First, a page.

Sir Arthur Lewis
Sir William Arthur Lewis, official Nobel Prize photo
William Arthur Lewis
23 January 1915
|Died||15 June 1991 (aged 76)|
|Nationality||Saint Lucia, United Kingdom|
|Known for||Development economics|
Lewis turning point
History of the world economy
|Gladys Jacobs Lewis (m. 1947)|
|Awards||Nobel Memorial Prize in Economic Sciences (1979)|
University of Manchester (1948-58)
University of West Indies (1959-63)
Princeton University (1963-91)
|Thesis||The economics of loyalty contracts (1940)|
|Doctoral advisor||Sir Arnold Plant|
Sir William Arthur Lewis (23 January 1915 - 15 June 1991) was an economist well known for his contributions in the field of economic development. In 1979 he was awarded the Nobel Memorial Prize in Economic Sciences. He had dual Saint Lucian and British citizenships.
Arthur Lewis was born in Castries, Saint Lucia, then still part of the British Windward Islands federal colony, as the fourth of five children of George and Ida Lewis. His parents had migrated from Antigua shortly after the turn of the century. George Lewis died when Arthur turned seven, and Ida raised their five children alone. Arthur was a gifted student and was promoted two classes ahead of his age. After finishing school at the age of 15, Lewis worked as a clerk, while waiting to take his university entrance exam. During this time he became friends with Eric Williams, the future first prime minister of Trinidad and Tobago, and the two remained lifelong friends.
After gaining his Bachelor of Science degree in 1937 and a Ph.D. degree in 1940 at the London School of Economics (LSE) under supervision of Arnold Plant, Lewis worked as a member of the staff at the LSE until 1948. In 1947, he married Gladys Jacobs, and they had two daughters together.
That year he was selected as a lecturer at the University of Manchester, and moved there with his family. He taught at Manchester until 1957. During this period, he developed some of his most important concepts about the patterns of capital and wages in developing countries. He particularly became known for his contributions to development economics, of great interest as former colonies began to gain independence from European nations.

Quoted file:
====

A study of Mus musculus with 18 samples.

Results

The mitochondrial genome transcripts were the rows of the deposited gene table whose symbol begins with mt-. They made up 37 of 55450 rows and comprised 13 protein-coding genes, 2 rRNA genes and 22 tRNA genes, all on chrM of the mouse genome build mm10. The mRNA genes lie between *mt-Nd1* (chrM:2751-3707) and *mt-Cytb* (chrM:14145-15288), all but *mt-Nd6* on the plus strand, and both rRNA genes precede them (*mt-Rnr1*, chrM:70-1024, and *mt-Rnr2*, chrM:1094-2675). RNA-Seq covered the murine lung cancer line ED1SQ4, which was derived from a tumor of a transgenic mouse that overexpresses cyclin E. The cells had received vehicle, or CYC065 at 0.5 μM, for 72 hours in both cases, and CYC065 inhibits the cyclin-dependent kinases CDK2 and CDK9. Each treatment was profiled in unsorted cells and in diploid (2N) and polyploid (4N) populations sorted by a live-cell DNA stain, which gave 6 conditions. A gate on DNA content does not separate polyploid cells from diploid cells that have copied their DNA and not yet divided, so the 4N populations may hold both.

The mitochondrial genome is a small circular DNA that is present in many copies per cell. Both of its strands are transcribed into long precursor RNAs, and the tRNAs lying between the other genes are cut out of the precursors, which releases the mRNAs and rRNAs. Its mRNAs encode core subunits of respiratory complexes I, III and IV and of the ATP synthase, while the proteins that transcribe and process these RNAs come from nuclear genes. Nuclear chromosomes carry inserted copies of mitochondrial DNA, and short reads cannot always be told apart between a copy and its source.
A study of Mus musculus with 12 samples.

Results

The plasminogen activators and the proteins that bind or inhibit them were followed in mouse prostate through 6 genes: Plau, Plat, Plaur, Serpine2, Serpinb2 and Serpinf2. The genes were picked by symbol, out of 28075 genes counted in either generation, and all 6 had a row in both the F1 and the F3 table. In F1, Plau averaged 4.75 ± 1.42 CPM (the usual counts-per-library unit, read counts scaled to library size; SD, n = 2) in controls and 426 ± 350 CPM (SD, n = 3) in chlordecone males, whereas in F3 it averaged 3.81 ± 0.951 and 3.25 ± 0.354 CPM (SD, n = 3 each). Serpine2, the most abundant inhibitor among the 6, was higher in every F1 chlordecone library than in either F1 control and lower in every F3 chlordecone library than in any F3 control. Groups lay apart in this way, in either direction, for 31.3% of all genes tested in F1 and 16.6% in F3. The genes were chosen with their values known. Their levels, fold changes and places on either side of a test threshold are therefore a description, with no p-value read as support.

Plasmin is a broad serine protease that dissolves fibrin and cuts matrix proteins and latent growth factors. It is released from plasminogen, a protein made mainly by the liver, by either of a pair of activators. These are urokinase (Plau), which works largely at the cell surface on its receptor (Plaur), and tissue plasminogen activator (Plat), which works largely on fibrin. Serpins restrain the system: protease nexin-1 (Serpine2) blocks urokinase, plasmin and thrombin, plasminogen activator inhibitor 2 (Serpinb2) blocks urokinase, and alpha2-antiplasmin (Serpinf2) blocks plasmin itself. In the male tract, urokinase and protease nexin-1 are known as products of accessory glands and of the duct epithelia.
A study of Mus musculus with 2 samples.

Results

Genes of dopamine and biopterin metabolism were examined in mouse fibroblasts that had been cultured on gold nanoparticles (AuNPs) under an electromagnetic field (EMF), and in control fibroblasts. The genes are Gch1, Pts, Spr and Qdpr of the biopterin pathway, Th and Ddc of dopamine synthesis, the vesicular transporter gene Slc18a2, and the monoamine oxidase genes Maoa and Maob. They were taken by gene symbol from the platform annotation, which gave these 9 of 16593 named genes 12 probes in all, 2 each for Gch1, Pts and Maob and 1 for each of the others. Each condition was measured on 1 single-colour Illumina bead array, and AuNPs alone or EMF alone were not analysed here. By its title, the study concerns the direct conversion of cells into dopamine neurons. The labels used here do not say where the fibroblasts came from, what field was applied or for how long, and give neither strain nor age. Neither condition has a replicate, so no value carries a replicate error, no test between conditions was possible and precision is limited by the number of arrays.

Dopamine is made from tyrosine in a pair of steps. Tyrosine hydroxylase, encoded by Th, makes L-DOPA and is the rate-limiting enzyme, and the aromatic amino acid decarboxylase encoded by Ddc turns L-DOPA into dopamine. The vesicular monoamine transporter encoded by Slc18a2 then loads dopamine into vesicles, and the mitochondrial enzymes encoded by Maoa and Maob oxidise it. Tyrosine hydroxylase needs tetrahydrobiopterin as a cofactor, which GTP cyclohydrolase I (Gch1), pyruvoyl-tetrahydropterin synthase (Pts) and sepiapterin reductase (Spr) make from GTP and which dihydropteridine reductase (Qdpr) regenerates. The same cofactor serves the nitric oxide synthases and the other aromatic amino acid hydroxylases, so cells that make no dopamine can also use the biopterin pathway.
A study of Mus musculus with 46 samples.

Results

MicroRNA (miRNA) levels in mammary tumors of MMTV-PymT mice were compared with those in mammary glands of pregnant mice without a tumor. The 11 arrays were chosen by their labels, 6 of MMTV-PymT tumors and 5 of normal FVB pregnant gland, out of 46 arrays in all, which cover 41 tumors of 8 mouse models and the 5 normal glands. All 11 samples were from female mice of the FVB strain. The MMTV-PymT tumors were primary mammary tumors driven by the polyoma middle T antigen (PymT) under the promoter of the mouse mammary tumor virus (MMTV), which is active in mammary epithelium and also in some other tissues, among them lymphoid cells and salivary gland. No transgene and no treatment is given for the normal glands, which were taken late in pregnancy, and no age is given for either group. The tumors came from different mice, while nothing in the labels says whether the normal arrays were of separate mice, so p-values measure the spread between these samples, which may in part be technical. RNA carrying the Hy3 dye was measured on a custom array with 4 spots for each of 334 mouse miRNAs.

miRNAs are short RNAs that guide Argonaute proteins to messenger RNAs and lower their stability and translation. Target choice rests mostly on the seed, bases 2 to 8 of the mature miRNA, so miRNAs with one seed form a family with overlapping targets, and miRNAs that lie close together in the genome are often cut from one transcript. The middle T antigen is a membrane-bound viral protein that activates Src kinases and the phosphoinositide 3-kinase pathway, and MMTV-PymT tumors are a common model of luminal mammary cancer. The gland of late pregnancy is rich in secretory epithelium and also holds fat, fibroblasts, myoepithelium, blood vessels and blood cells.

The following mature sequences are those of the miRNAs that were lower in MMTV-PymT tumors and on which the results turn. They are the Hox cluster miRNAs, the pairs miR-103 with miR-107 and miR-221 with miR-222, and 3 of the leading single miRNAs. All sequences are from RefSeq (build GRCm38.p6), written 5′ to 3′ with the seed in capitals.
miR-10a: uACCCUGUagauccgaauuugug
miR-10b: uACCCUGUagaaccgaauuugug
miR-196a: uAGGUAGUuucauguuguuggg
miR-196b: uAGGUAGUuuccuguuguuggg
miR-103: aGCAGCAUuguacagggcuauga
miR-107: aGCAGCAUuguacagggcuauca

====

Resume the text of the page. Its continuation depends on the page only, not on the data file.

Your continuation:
That year, he was also appointed a University Professor at Princeton University and moved to the United States. Lewis worked at Princeton for the next two decades, teaching generations of students until his retirement in 1983. In 1970 Lewis also was selected as the first president of the Caribbean Development Bank, serving in that capacity until 1973.
He died on 15 June 1991 in Bridgetown, Barbados. He was buried in the grounds of the St Lucian community college named in his honour. He was survived by his wife, Gladys Jacobs, Lady Lewis of Barbados and Princeton, NJ; two daughters, Elizabeth Lewis of Cranbury, NJ, and Barbara Virgil of Brooklyn; and four brothers: Stanley Lewis of Ghana, Earl Lewis of Trinidad, Allen Montgomery Lewis, a former Governor General of St Lucia, and Victor Lewis of St Lucia.
Lewis published in 1954 what was to be his most influential development economics article, "Economic Development with Unlimited Supplies of Labour" (Manchester School). In this publication, he introduced what came to be called the dual sector model, or the "Lewis model".
Lewis combined an analysis of the historical experience of developed countries with the central ideas of the classical economists to produce a broad picture of the development process. In his theory, a "capitalist" sector develops by taking labour from a non-capitalist backward "subsistence" sector. The subsistence sector is governed by informal institutions and social norms so that producers do not maximise profits and workers can be paid above their marginal product. At an early stage of development, the "unlimited" supply of labour from the subsistence economy means that the capitalist sector can expand for some time without the need to raise wages. This results in higher returns to capital, which are reinvested in capital accumulation. In turn, the increase in the capital stock leads the "capitalists" to expand employment by drawing further labour from the subsistence sector. Given the assumptions of the model (for example, that the profits are reinvested and that capital accumulation does not substitute for skilled labour in production), the process becomes self-sustaining and leads to modernization and economic development.
The point at which the excess labour in the subsistence sector is fully absorbed into the modern sector, and where further capital accumulation begins to increase wages, is sometimes called the Lewisian turning point. It has recently been widely discussed in the context of economic development in China.
Lewis published The Theory of Economic Growth in 1955 in which he sought to "provide an appropriate framework for studying economic development," driven by a combination of "curiosity and of practical need."